Officials find better way to combat meth labs
State officials are set to scrap a pilot program in a handful of North Dakota counties that aimed to combat methamphetamine labs by requiring farmers to lock up their fertilizer tanks, in large part because they have found a more effective way to crack down on the illegal drug labs.
Anhydrous ammonia fertilizer can be used to make some forms of meth, but any form of the drug requires pseudoephedrine, an ingredient in over-the-counter cold medications, Attorney General Wayne Stenehjem said. Restrictions on the sale of pseudoephedrine that were put in place in 2005 in North Dakota have contributed to a dramatic drop in law enforcement busts of meth labs — from nearly 300 in 2003 to fewer than 10 in 2010.
"The (tank lock) pilot program was just that — a pilot program back in the days when we were searching for ways to control the local meth labs," Stenehjem said. "We (later) hit on what turned out to be a much better process for controlling the meth labs, and that was cracking down on the one product you need to have — pseudoephedrine.
"The tank locks was a good idea when it started, but this approach is something that just has been working far better," he said.
The pilot program approved by state lawmakers in 2003 required farmers and chemical dealers to put special locks on the valves on mobile tanks of anhydrous ammonia when the tanks were left unattended. The program was implemented in the northwestern counties of Williams and McKenzie, where officials said meth labs were prevalent, with the idea that it could be expanded statewide if it proved successful. The only expansion came in 2005, to the northeastern counties of Walsh, Pembina and Cavalier.
Meth lab busts in Williams and McKenzie counties dropped after the tank locks were required, but only to a level on par with drops seen in other areas of the state where there was no such requirement. Some farmers and chemical dealers in the two affected counties also raised questions of fairness, said Spencer Wagner, fertilizer specialist with the state Agriculture Department.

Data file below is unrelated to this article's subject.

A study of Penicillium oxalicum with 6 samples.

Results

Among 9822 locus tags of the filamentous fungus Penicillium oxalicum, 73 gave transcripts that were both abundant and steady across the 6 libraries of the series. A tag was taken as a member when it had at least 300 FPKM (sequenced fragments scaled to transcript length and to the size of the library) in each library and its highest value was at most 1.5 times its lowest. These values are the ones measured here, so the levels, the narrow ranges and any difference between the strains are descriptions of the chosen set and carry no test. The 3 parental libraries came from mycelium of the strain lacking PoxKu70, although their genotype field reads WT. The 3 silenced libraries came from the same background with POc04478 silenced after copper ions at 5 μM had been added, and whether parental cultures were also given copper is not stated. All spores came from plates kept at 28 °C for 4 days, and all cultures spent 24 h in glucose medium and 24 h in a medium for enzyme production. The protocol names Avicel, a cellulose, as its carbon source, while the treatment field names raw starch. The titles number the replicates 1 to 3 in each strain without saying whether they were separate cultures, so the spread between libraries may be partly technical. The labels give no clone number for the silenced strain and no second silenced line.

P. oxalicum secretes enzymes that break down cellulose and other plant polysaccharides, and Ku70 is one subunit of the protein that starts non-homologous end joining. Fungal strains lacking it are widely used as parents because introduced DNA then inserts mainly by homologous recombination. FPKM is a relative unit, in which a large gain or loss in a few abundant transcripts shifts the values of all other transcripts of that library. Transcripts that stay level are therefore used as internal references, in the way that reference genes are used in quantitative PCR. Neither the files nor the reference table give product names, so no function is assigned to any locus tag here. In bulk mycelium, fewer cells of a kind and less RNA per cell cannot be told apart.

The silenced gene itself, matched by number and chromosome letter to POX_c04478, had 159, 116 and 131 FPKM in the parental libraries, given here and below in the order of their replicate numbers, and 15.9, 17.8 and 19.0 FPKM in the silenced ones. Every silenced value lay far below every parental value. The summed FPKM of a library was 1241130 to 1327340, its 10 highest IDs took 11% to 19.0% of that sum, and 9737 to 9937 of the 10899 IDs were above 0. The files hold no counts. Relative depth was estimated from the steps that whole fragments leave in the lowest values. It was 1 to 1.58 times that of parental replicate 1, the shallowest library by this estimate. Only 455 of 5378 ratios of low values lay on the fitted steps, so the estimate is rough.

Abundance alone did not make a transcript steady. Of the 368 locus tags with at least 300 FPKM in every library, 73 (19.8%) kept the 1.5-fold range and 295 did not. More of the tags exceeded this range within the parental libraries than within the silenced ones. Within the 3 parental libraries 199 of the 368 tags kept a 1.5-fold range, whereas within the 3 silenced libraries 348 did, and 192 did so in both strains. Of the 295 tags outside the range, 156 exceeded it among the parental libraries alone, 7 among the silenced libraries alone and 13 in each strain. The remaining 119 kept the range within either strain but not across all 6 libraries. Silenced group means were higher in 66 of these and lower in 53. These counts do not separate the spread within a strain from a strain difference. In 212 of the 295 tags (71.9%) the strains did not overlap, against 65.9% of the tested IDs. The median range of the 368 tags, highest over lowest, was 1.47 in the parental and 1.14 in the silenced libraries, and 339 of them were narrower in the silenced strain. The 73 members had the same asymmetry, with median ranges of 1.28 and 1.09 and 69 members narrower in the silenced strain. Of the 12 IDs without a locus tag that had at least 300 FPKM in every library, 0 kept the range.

"It was becoming more of a hindrance to the industry that it was stemming anhydrous thefts," he said.
Law officers had little time to devote to enforcing the requirement anyway, Williams County Sheriff Scott Busching said.
"We didn't spend a lot of time on it," he said. "For us to walk out in the field and check if a guy's anhydrous tank was locked, that didn't happen."
Violations of the lock requirement carried a $100 fine for a first offense and fines up to $5,000 for repeated offenses. No violations have been reported and no fines levied in the 11 years of the project, according to the state Insurance Department, which handled enforcement of fertilizer regulations until last year, when the duty shifted to the Agriculture Department.
The Insurance Department, which reimbursed farmers for the cost of the locks from a fund created with Homeland Security money and a contribution from Nodak Mutual Insurance Co., said 355 locks were purchased when the program started in Williams and McKenzie counties. Numbers after the 2005 expansion were not available.
While the program wasn't a financial burden, some farmers said it could be a hassle.
"It was time-consuming," said Ed Mrachek, who lives near Alexander in McKenzie County. He had to lock dozens of tanks during spring fieldwork. "Our biggest problem is we'd lose the key.
"I won't use them (the locks) if I don't need to," Mrachek said. "I mean, geez, they're a pain."
State officials are going through public comments received during a comment period that ended Dec. 18 before proceeding with the repeal of the program, but it is likely to happen.
"We looked at how difficult it was to enforce, we talked to ag officials, we talked to local law enforcement, we took their advice on repealing it altogether," Wagner said.